The development of reading and writing as a means to communicate, started only ten thousand years  ago. This isn’t that long from an evolutionary perspective. There are three sections in the left hemisphere of the brain that need to work together well in order to automate the process of recognising and analysing words. One of these sections (situated in the left inferior frontal gyrus) helps a person to vocalise words (silently or out loud) and then analyse them in small parts, into phonemes.

All beginning readers start off developing this area, at least as long as they are allowed to learn to read in this ‘old-fashioned’ way, and not trained to guess words from their context as some reading methods promote.

Dyslexic children tend to lean more heavily on these early stages of phoneme recognition. They need time and repetition to stimulate the connection to the language centres in the left hemisphere of the brain.

They are certainly not ‘dumber’, just different to the rest of their classmates, who might breeze through this phase. That’s frustrating, to say the least, and, depending on their temperament, the child may then either dream away or become frustrated.

Listening Training will assist with the creation and strengthening of neural pathways which will help decipher, as well as add context to, what’s being read and written. It is a profound yet gentle way of enabling better access to all these different realms in the brain. And it happens all of its own accord, without intensive therapy.

Listening And Reading
Eyes and ears work together while we read. Our eyes move from letter to letter, and later from word to word, while the vestibular system coordinates this synchronicity of eyes and ears. Doing listening training reduces possible delays in communication between these senses, and improves neurological timing.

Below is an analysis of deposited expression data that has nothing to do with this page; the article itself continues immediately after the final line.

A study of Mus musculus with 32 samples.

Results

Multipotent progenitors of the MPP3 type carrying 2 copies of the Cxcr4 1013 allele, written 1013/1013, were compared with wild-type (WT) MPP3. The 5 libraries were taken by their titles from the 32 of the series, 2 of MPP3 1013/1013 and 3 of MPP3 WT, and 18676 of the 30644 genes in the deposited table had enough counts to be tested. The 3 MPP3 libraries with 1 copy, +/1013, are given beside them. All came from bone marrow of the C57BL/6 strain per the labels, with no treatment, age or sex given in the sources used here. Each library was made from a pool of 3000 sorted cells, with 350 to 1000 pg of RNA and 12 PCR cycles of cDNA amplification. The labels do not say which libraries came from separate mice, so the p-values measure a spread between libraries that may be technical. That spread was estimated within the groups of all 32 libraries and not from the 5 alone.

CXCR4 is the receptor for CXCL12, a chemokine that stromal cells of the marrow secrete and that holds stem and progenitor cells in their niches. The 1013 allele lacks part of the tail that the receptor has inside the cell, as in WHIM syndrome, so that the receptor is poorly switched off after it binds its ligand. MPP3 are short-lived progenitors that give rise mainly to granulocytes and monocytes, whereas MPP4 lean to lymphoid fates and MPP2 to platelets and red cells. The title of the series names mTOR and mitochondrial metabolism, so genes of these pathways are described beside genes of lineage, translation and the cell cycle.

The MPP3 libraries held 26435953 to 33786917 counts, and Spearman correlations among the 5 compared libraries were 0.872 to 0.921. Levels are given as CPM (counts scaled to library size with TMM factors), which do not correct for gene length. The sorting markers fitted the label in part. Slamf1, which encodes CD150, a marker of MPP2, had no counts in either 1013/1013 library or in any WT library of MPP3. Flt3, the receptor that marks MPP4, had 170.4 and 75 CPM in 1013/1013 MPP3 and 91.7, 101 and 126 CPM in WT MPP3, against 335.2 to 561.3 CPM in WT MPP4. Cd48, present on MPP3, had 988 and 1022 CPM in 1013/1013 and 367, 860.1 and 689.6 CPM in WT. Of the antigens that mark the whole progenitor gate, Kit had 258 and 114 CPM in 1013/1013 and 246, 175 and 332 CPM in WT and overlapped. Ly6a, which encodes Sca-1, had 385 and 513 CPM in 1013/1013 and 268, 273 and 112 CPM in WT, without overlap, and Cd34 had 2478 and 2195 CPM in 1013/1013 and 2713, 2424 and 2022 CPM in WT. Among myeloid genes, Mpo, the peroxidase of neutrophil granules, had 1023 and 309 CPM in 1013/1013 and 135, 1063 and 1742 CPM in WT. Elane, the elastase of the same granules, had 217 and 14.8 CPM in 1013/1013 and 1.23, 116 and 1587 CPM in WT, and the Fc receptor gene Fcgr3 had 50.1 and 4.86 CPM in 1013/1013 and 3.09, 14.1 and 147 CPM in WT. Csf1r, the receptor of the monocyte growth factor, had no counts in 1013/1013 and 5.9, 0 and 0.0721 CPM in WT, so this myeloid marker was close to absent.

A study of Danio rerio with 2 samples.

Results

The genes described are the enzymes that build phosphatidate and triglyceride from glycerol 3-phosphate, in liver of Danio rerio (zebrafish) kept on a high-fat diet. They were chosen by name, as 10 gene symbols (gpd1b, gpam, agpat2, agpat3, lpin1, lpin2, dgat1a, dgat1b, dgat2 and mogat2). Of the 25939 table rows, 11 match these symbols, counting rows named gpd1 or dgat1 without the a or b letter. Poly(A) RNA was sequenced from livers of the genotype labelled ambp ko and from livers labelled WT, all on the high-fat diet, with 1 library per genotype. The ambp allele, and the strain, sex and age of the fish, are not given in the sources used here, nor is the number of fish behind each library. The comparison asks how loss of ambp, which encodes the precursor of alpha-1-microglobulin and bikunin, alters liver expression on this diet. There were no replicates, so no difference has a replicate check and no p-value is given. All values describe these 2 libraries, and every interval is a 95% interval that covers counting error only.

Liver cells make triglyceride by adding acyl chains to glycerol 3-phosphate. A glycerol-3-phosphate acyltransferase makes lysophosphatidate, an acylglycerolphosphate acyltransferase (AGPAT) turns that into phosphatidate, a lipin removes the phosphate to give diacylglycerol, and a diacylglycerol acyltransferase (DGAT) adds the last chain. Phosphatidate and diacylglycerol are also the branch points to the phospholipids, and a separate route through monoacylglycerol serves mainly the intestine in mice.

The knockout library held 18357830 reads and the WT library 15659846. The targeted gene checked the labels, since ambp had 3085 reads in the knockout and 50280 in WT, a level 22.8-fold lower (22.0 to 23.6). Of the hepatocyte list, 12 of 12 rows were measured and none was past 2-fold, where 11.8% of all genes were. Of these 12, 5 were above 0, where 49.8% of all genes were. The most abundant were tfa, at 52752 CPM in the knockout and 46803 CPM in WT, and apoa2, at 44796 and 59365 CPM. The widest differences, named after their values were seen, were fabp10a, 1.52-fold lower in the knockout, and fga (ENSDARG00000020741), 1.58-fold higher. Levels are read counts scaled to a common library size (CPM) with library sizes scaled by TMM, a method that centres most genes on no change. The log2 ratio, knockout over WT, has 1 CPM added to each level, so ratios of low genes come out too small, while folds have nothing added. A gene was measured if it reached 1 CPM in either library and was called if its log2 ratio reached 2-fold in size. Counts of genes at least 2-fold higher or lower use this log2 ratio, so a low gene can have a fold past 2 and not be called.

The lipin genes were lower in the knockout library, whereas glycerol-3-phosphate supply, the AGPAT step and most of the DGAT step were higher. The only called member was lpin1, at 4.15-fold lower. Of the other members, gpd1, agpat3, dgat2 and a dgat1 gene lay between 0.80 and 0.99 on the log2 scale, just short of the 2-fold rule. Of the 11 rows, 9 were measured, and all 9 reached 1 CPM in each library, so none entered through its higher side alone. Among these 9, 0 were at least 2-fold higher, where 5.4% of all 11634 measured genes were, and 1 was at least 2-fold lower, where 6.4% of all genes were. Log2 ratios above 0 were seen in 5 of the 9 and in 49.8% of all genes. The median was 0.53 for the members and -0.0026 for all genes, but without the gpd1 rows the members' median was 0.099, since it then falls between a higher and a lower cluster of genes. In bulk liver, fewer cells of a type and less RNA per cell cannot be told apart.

Listening And Learning
It’s in the cochlea (the spiral-shaped bone in the inner ear ) where sound is converted into electrical impulses that the brain will then interpret. If that process isn’t optimal we may have a hard time discerning certain consonants – P vs B, or T vs D for instance. Listening Training improves this discerning ability.

A further example of what can be at stake: the neurons that process sound generally have about a thirty milliseconds breaks before firing again for the next sound. For some hearing deficient people that break can take at least three times that long, which means that these people lose a lot of information.They are not ‘deaf’ but just cannot hear the beginning of a syllable, or the sound change within the syllable.

Needless to say that a lack of accurate perception leads to weaknesses in all the language tasks, from vocabulary, to reading, writing and comprehension. That is why it is so important to be aware of this and try and remedy this early on before kids lose their self-confidence. There may be many more issues that play a role, things that we still need to uncover but from what know so far: Listening Training helps!